Many clients – and a number of writers – aren’t sure about the distinction between a ghostwriter and an editor.
So I’ve put together these brief lists outlining the specifics of each role in order to highlight the differences.
- A person who has completed a manuscript would hire an editor.
- The editor goes through the manuscript draft systematically, page by page.
- Each page is revised as needed, at the level required (light revisions to major changes).
- Light revisions may include correcting typos, substituting certain words with better choices, and fixing sentence structure here and there.
- Major changes may include revisions mentioned in #4 plus complete rewrites of large sections of text, and reorganizing portions of the manuscript (or possibly doing a complete reorganization of the draft prior to starting the page-by-page edits).
- An editor is often (but not always) acknowledged and free to discuss the project with others.
- Because she starts with a completed draft supplied by the client, the editor charges less than a ghostwriter would.
- Editors typically charge a lower fee for light editing and significantly more for an editing job that requires major revisions.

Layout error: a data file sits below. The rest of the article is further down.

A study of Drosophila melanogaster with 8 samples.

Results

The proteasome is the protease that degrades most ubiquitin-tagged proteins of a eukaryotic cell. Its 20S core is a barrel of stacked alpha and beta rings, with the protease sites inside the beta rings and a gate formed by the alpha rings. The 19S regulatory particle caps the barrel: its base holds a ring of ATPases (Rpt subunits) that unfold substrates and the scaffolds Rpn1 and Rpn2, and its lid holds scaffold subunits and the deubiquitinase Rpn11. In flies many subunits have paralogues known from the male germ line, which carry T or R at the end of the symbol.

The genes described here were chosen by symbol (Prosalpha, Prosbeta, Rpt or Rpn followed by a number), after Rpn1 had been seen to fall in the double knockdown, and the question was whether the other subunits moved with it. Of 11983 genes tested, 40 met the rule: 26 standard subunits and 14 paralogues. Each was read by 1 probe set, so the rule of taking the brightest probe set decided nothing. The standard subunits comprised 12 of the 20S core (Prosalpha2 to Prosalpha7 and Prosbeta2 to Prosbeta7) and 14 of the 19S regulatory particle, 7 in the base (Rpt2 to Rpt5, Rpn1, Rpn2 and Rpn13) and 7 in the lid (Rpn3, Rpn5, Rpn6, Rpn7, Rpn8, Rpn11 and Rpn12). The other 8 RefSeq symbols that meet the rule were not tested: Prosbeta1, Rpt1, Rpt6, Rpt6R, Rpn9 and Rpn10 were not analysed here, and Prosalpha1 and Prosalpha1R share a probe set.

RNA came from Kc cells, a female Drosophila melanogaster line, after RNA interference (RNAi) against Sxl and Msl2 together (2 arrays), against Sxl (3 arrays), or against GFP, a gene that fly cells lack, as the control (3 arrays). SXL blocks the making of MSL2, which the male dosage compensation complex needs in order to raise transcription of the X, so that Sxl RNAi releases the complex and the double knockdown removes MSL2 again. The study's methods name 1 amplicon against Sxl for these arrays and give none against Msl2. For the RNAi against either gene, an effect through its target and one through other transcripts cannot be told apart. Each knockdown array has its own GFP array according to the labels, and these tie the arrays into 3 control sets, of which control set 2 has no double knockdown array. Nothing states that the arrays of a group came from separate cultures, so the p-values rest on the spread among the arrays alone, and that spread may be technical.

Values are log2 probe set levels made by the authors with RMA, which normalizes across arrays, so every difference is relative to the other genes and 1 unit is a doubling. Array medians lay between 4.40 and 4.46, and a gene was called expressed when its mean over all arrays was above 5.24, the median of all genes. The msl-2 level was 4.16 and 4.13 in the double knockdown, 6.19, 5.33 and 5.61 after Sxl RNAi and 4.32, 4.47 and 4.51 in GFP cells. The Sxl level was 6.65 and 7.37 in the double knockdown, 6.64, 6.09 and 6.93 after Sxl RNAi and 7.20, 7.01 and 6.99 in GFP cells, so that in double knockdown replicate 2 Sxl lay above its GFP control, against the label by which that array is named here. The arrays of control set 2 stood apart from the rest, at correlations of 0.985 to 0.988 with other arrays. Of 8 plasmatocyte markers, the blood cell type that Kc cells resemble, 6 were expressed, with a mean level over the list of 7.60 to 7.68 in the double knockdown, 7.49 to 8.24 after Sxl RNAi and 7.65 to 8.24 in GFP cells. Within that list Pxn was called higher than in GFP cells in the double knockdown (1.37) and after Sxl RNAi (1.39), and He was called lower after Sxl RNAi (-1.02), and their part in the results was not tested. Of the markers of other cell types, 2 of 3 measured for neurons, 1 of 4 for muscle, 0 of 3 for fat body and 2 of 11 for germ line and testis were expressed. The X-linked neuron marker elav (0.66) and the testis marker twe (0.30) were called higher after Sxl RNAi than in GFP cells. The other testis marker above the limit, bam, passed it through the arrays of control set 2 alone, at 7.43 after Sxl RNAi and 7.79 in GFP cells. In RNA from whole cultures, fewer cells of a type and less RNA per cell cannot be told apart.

- A person who wants to author a book but has not yet written a manuscript would hire a ghostwriter.
- Prior to starting the writing portion of the project, the ghostwriter spends considerable time gathering information via various means, including interviewing the client by phone and/or email, collecting notes the client has written down, and researching the topic to be covered in the manuscript.
- Typically, the ghostwriter develops a book outline with the client before moving forward.
- Working from this mutually agreed upon outline, the ghostwriter begins the writing process, completing one chapter at a time.
- Before proceeding to write the next chapter, the ghostwriter generally waits for feedback from the client and makes needed revisions to the previously written material.
- A ghostwriter usually (but not always) cannot discuss the project with others and must adhere to a confidentiality agreement.
- Because she starts from scratch and must do a great deal of time-consuming work in many areas, including interviewing, researching, outlining, content development, writing, revising, editing, and proofreading, a ghostwriter charges considerably more than an editor does.
- A ghostwriter may charge varying fees based on the complexity of the subject being written about, the time it takes to do interviews and research, and how many revisions need to be done, among other factors.
So the next time somebody approaches you to edit or ghostwrite for them, find out what the person really needs. Factor in the time, complexity, workload, and duties involved. Then determine what your role would be – editor or ghostwriter – and charge accordingly.
If the client wants to hire you as a ghostwriter but can’t afford your ghostwriting fees, don’t lower your rates. Instead, switch roles. Suggest that he or she complete a manuscript first, which you can then edit (instead of ghostwrite) for an appropriately reduced fee.